Have you ever wondered how your style of parenting will affect your child as he or she grows up? Or do you happen to have that one child who doesn’t respond to your parenting in the same way as the others? Decades ago, Love and Logic® parenting coined the terms Helicopter Parenting, Drill Seargent Parenting, and Consultant Parenting. These relevant descriptors are still used today in popular media and commentary on parenting. But don’t let the words fool you. Yes, the names are designed to highlight some of the characteristics and “extreme” nature of these parenting styles, but each of them has both potential weaknesses and strengths.
In our Love and Logic® group classes and private session work with clients, we explore the different parenting styles, what tends to drive the parent into their particular style, and the positive and negative impact of each style on children. The Love and Logic® program offers parents many techniques and guiding philosophies to help bring out the best in your parenting while minimizing the things that can negatively impact the relationship with your child and their long-term development. Love and Logic® helps parents raise effective problem solvers – confident children who take responsibility for themselves and understand the impact their choices and decisions have on themselves and others. We would love to have you join us for a group class, or come in for private parent education and coaching.
Which way do you lean?
• I think a lot about safety and what can happen if….
• I might “rescue” my child from the natural consequences of their action or inaction.
• Examples: I bring them things that they have forgotten; I speak for them in situations that I think are important to them; I support their “excuses” so they don’t get in trouble with other people.
• I might do things for them to “ensure their success,” such as checking over their work, finishing their work, improving their work, planning their work, etc.
• I offer lots of chances and “stay on them” to make sure things eventually get done.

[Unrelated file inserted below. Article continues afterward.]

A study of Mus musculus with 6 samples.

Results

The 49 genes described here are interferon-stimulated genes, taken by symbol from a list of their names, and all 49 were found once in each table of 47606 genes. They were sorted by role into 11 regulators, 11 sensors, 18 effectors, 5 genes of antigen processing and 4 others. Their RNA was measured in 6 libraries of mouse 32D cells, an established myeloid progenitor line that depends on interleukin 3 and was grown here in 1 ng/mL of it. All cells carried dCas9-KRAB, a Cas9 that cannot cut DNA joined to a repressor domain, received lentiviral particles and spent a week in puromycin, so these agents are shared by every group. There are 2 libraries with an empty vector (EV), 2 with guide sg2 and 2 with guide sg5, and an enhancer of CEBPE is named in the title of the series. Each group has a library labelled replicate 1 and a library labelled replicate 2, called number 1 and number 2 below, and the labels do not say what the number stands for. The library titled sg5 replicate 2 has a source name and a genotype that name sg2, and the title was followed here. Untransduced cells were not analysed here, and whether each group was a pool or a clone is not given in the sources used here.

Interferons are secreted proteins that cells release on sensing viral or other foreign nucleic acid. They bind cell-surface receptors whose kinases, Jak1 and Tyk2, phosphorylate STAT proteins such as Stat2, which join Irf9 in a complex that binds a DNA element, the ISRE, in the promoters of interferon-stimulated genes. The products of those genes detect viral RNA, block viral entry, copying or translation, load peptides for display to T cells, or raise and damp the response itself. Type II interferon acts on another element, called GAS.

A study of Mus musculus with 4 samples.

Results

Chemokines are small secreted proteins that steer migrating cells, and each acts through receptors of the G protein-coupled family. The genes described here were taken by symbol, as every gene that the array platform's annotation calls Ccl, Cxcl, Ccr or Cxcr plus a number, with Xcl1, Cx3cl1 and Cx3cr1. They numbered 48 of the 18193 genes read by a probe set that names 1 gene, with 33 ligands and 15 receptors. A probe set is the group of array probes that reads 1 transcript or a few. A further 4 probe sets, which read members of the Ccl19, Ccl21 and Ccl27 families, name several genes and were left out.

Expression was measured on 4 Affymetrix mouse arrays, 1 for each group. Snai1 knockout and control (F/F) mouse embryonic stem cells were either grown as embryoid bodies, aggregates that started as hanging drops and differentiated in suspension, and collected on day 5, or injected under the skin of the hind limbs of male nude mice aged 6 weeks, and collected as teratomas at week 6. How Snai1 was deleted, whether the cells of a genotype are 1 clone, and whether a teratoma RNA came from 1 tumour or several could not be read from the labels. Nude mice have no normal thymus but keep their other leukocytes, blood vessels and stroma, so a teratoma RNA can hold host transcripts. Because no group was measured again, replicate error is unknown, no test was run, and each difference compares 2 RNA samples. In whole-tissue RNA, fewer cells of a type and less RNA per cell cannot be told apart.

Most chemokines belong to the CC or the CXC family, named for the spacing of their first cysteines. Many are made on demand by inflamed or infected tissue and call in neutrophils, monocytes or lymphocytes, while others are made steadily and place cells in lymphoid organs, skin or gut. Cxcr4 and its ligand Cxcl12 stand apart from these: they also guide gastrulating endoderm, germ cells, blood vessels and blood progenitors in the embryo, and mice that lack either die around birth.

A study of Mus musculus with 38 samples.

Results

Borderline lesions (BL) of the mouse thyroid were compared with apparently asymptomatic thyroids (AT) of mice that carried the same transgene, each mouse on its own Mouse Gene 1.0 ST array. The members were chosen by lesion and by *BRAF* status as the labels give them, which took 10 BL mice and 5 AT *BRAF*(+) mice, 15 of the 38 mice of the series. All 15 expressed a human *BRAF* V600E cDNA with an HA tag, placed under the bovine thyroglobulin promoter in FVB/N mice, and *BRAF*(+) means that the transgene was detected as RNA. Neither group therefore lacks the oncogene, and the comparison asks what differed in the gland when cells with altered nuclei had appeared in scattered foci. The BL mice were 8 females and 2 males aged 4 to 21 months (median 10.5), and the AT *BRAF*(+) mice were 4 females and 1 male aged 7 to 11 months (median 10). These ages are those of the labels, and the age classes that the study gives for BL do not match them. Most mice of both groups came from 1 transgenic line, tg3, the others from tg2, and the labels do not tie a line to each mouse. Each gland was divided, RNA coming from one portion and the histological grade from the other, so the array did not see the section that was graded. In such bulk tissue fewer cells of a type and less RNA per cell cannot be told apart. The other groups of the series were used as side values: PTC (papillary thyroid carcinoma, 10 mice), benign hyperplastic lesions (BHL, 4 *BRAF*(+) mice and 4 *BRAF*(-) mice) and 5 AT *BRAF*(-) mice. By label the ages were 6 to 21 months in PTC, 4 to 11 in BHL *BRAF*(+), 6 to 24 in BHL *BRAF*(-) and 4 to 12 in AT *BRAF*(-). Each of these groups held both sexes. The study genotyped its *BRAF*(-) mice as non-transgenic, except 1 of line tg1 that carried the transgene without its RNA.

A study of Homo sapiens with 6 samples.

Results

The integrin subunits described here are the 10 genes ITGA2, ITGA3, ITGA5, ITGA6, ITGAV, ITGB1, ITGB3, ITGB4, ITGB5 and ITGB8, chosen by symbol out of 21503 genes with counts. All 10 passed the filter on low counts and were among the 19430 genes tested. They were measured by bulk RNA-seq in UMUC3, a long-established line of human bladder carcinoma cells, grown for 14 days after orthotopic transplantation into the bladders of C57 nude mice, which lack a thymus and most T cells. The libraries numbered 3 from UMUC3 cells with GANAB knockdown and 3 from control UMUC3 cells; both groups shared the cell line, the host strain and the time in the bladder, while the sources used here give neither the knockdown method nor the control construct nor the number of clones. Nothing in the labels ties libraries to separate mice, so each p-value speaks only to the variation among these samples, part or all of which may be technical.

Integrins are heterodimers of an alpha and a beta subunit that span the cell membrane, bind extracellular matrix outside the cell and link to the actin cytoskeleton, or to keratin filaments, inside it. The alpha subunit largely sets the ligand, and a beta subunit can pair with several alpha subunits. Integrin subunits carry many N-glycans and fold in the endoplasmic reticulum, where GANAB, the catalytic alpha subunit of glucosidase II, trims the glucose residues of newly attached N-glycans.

• I “hover” over aspects of their lives; over-involvement in friendship, interests, problems just to make sure things go well.
• I give my opinion on matters, even when I am not asked.
Drill Seargent Parenting
• I think a lot about structure and efficiency – the right way to do things.
• I tend to organize all the structure for the family or for a particular child and expect/need it to be followed.
• I will tell others how to solve problems. I might even require that it be done this way.
• I micro-manage details of my child’s life or day. I get frustrated if they do not cooperate with how things are set up.
• I might not be loud, angry, and strong, although many times I am; I can also be a drill sergeant in subtle more sophisticated ways.
• I am a perfectionist and require things done a certain way because that way is easiest, fastest, most reliable, or gets the best results. I will lecture or get angry or frustrated if others do not understand this.
• I perceive that getting respect means that others understand and accept my direction.
• I think about the child’s freedom to be who they are and have their own life.
• I accept the child’s description of the situation and elicit their ideas of what they might do
• I may offer suggestions or ideas without the expectation that one particular idea is the one they have to choose, but I share what I know
• I wish them luck/encourage
• I celebrate successes with the child but give them the credit for good decision making
• I am not sure how I am directly involved in the outcome of their personal situation at school, with friends, etc.
• I may sit to the side and let my child navigate their problem on their own
• I may be distracted with my own things and not realize the ways my child is underprepared to face new or complex situations.
If you identified with more than one style, that is very common! Come learn more about parenting most effectively within your own style.